SQL Server 2000 & 2005 Clustering
Physical nodes IP Address
Make sure that you have the physical nodes IP address, and that you can ping each node in the cluster from each other.
Virtual SQL Server IP Address
Make sure that you have the virtual SQL Server names and IP address available before you start the install.
Resource Groups Established
Make sure that your Resource Groups are established and their preferred owners are set appropriately. Plan your cluster resources placement with these groups.
SQL Server Binary Files Placement
You should plan where you would like to place the SQL Server binary files. You are asked this location during installation. It is always preferred that these files get placed on to the local drive of each node.
SQL Server Data & Log Files Placement
You should plan where you would like to place the SQL Server Data & Log files. You are asked this location during installation. It is preferred that these files are placed on separate shared disks.
SQL Server Backup File Placement
You should plan where you would like to place the SQL Server Database backups. It is preferred that there is a separate drive for the purpose of SQL Server database backup activities. There is a good reason behind this. When SQL Server is executing the database backup, it uses more heads to write to physical disks. If data files and backup files are located on same disk, then data file updates will become slower as it will get less heads to write on to the physical disk. This has a significant performance impact in a production environment.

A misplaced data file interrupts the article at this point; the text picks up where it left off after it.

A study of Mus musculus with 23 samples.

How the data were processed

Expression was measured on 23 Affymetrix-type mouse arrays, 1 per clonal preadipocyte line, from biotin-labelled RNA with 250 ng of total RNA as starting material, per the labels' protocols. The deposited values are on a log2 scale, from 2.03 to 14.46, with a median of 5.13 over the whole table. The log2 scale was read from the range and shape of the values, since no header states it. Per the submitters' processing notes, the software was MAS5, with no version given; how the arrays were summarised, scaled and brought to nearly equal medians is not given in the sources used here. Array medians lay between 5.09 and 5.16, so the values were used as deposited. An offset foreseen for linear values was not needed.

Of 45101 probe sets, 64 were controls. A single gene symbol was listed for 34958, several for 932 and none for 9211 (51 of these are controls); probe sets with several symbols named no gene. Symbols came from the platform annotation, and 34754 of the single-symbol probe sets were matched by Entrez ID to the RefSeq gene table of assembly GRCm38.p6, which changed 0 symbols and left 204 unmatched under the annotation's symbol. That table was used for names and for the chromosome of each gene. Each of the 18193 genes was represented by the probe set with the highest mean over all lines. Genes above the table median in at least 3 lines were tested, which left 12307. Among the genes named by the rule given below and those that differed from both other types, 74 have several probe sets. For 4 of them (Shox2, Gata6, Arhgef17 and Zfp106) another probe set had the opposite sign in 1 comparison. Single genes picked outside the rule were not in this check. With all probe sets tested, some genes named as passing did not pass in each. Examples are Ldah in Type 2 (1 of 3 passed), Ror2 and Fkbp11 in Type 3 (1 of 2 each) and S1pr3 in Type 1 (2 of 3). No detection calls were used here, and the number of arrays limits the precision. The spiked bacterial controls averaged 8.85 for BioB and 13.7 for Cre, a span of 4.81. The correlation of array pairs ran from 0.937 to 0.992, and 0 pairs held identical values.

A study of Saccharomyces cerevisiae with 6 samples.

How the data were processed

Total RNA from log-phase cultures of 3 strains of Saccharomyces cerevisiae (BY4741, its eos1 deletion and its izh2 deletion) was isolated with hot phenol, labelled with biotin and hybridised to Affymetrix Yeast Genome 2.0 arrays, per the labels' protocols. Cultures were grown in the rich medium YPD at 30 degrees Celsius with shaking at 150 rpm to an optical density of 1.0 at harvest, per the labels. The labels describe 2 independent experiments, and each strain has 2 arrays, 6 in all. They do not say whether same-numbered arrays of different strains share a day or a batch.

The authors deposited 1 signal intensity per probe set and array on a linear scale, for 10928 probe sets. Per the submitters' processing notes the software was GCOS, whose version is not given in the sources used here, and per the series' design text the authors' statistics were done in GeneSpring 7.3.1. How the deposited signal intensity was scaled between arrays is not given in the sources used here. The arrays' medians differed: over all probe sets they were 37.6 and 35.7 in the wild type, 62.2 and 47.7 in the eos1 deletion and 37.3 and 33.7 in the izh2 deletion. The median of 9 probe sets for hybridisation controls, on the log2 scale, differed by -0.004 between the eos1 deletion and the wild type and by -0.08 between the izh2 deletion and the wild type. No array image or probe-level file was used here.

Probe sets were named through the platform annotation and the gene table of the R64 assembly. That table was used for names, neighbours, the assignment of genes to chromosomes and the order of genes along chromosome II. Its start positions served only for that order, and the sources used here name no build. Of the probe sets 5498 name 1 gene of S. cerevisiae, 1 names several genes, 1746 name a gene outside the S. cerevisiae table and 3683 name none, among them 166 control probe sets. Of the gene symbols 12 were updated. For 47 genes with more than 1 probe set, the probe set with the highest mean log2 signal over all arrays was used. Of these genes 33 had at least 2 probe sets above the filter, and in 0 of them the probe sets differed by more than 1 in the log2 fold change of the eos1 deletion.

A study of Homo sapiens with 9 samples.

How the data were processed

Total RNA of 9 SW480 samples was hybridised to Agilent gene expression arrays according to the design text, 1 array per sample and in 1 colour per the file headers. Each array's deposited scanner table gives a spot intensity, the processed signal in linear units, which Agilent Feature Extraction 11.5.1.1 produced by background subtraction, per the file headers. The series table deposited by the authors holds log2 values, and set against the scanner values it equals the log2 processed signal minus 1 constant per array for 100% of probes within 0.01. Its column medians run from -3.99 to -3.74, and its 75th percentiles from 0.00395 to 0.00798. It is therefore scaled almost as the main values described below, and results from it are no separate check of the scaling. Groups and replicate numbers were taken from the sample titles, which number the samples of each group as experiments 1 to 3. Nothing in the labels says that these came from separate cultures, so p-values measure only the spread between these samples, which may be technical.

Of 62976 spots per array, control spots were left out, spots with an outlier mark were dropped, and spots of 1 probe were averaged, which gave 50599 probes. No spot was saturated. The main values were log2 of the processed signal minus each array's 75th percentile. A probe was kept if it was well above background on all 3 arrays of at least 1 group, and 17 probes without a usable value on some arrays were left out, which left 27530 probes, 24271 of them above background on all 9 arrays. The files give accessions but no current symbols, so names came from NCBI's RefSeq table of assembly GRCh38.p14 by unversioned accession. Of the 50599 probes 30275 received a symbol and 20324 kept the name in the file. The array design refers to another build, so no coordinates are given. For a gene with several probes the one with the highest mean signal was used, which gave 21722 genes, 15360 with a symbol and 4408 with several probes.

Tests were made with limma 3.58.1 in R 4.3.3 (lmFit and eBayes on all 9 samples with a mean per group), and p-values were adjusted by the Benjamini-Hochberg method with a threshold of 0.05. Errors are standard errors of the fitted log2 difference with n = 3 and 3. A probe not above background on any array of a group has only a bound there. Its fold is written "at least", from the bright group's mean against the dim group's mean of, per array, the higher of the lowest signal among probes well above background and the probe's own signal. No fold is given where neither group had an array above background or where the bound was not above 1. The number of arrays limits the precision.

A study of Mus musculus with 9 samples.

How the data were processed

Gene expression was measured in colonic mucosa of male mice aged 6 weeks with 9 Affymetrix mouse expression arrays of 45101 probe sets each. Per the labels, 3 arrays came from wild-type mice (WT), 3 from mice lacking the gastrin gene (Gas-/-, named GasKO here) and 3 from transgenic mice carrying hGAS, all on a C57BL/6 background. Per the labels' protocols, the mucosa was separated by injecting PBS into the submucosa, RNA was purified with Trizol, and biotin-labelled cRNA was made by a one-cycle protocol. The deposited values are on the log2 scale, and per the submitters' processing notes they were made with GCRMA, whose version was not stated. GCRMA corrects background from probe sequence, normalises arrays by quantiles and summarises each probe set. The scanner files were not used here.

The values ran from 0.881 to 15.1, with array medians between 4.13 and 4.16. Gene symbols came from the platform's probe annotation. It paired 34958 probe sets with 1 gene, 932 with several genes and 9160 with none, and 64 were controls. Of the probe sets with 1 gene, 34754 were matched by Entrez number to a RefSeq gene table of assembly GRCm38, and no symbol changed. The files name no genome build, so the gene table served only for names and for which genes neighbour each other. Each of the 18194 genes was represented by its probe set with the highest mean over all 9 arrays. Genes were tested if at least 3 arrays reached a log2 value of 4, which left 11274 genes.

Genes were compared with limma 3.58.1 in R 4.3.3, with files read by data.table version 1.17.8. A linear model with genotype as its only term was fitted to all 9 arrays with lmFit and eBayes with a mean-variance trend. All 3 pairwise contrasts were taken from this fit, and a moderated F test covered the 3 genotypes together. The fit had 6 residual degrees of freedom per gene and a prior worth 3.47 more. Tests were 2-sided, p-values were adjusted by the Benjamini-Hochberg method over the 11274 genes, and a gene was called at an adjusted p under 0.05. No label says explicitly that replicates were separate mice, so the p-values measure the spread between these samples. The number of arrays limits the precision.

Critical Services to Failover
Choose only critical resources which should initiate the failover. Non-critical resource should not failover / affect the entire group.
SQL Server 2000 Enterprise Edition License
Acquire the SQL Server licenses as per your setup requirement. For an active / passive configuration, you will only need one SQL Server Enterprise edition license. For an active / active configuration, you will have multiple SQL Server instances running, so you will need more then one license, depending on number of SQL Servers.
SQL Server Service Pack 3
As soon you complete the SQL Server Cluster installation, you will need to install the most recent service pack for SQL Server 2000. If your operating system is Windows 2003, then your TCP/IP and UDP network ports of Microsoft SQL Server 2000 gets disabled, as there are certain possibilities of security breaches and virus attacks.
Before starting the SQL Server Cluster installation, make sure that MS DTC is setup on the cluster and is up and running. It should be located under Primary Resource Group often named as “Cluster Group”.
If your operating system is Windows 2000, you can execute ‘comclust.exe’ at the command prompt to setup and start MS DTC on your cluster.
If your operating system is Windows 2003, you have to create the MS DTC resource within the cluster administrator. Follow these steps to create a MS DTC resource on a Windows 2003 cluster.
Right-click the Cluster Group and then click NewResource.
Type a name, such as MS DTC Resource.
In Resource Type, click to select Distributed Transaction Coordinator, verify that the MS DTC Group is selected, and then click Next.
In Possible Owners, click Next unless you do not want MS DTC to run on a particular node.
In Dependencies, press and hold the CTRL key on the keyboard, select both the Physical Disk and Network Name of the Primary Cluster Node and then click the Add button.
Click Finish, and then click OK to confirm that the resource has been created.
Right-click the MS DTC Resource, and then click Bring Online.
Microsoft Data Access Components 2.6
If your operating system is Windows 2003, make sure that you have installed Microsoft Data Access Components 2.6 on both nodes of the cluster. For detailed steps on installing Microsoft Data Access Components 2.6, consult “Additional steps for Windows 2003 clustering” section later in this article.